JERUSALEM, AUG. 27 -- Israeli intelligence reports indicate that Jordan is continuing programs of military cooperation with Iraq and that Yemen has been airlifting food and other supplies to Baghdad in violation of a U.N.-mandated trade embargo against Iraq, Israeli officials said today.
The officials said also that the latest intelligence assessments here conclude there has been no weakening in Iraq's military position or supplies as a result of a U.N.-mandated trade embargo against Baghdad.
Some Israeli experts say Iraqi leader Saddam Hussein may have anticipated an interruption of military supplies and stockpiled sufficient materiel to keep his army functioning in spite of a naval blockade to enforce the trade sanctions imposed after Iraq's Aug. 2 invasion of Kuwait.
According to the Israeli intelligence data, Jordanian technicians have been instructing the Iraqis on how to operate four batteries of U.S.-made Hawk anti-aircraft missiles that Iraq 2aptured from Kuwait. Because of this assistance, the Israelis have charged, Iraq may be able to turn the missiles against U.S. aircraft in the event war breaks out in the Persian Gulf.
In addition, Israeli sources said, the Jordanian air force has been carrying out daily reconnaissance missions along Jordan's borders with Saudi Arabia and Israel and forwarding intelligence to Iraq. Such reconnaissance is useful to Baghdad because it lacks the sophisticated satellite and electronic intelligence-gathering resources of the United States.
The sources also said that Israeli intelligence believes Yemen is smuggling crucial supplies to Iraq by air, including food. But officials said there was no evidence to support reports in the Arab world that Iraq had deployed troops or missiles in Yemen or in Sudan, which is also supportive of Baghdad.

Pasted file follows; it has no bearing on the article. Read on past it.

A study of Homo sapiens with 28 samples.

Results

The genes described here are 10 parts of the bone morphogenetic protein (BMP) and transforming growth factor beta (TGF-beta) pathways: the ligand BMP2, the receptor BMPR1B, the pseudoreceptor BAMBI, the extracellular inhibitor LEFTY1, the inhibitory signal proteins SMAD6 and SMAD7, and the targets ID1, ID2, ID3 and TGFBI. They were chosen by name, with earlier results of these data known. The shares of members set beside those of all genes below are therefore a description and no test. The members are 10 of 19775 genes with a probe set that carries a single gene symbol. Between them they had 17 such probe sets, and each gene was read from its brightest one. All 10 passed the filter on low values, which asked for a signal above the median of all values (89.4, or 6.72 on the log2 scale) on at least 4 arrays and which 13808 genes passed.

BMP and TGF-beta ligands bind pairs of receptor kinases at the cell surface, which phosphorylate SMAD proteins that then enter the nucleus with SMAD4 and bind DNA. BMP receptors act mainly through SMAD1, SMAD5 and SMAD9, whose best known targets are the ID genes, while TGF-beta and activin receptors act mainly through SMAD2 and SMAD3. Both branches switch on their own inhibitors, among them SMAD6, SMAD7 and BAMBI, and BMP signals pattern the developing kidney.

The governments of Yemen and Jordan have promised to honor the U.N. trade sanctions against Iraq, although both have expressed some sympathy for Saddam's position.
The latest Israeli reports on Jordan, delivered in briefings for journalists, continue what has been a concerted campaign here to prevent the neighboring Arab kingdom from tilting too far toward Iraq in the gulf crisis.
Israeli officials have warned that Israel will take military action if any Iraqi troops move into Jordan, but they also have offered assurances that Israel does not intend to attack Jordan and wants King Hussein to remain in power.
In private, Israeli government and military authorities have been sharply critical of Hussein, charging that he is incapable of acting independently of Saddam and is in danger of losing control of Jordan. The Israelis have been particularly irritated by the king's military preparations, which, in addition to cooperation with Iraq, include placing his army on alert and deploying anti-aircraft weapons in the mountains overlooking Jordan's border with Israel.
In an interview on Israeli television Sunday night, Prime Minister Yitzhak Shamir delivered his strongest public warning yet to Hussein. The king's position, he said, "is contrary to Israel's interests, threatens Israel's security and does not help the king's survival."
The Israeli account of Jordan's military cooperation with Iraq could not be independently confirmed. However, the charges appear consistent with what is known of past military cooperation between Jordan and Iraq, which has grown in recent years.
The Jordanian and Iraqi air forces have worked closely together, and last year the Jordanians allowed Iraqi planes to conduct reconnaissance flights along the Jordanian-Israeli border. Baghdad and Amman also announced that they were forming a joint air squadron, although detailed arrangements were never made public. Israeli sources say no Iraqi planes have appeared in Jordan during the present crisis.
According to the Israeli accounts, Syria is now expected to dispatch a small force to the United Arab Emirates in addition to the 1,200 troops it sent to Saudi Arabia to help thwart further Iraqi aggression.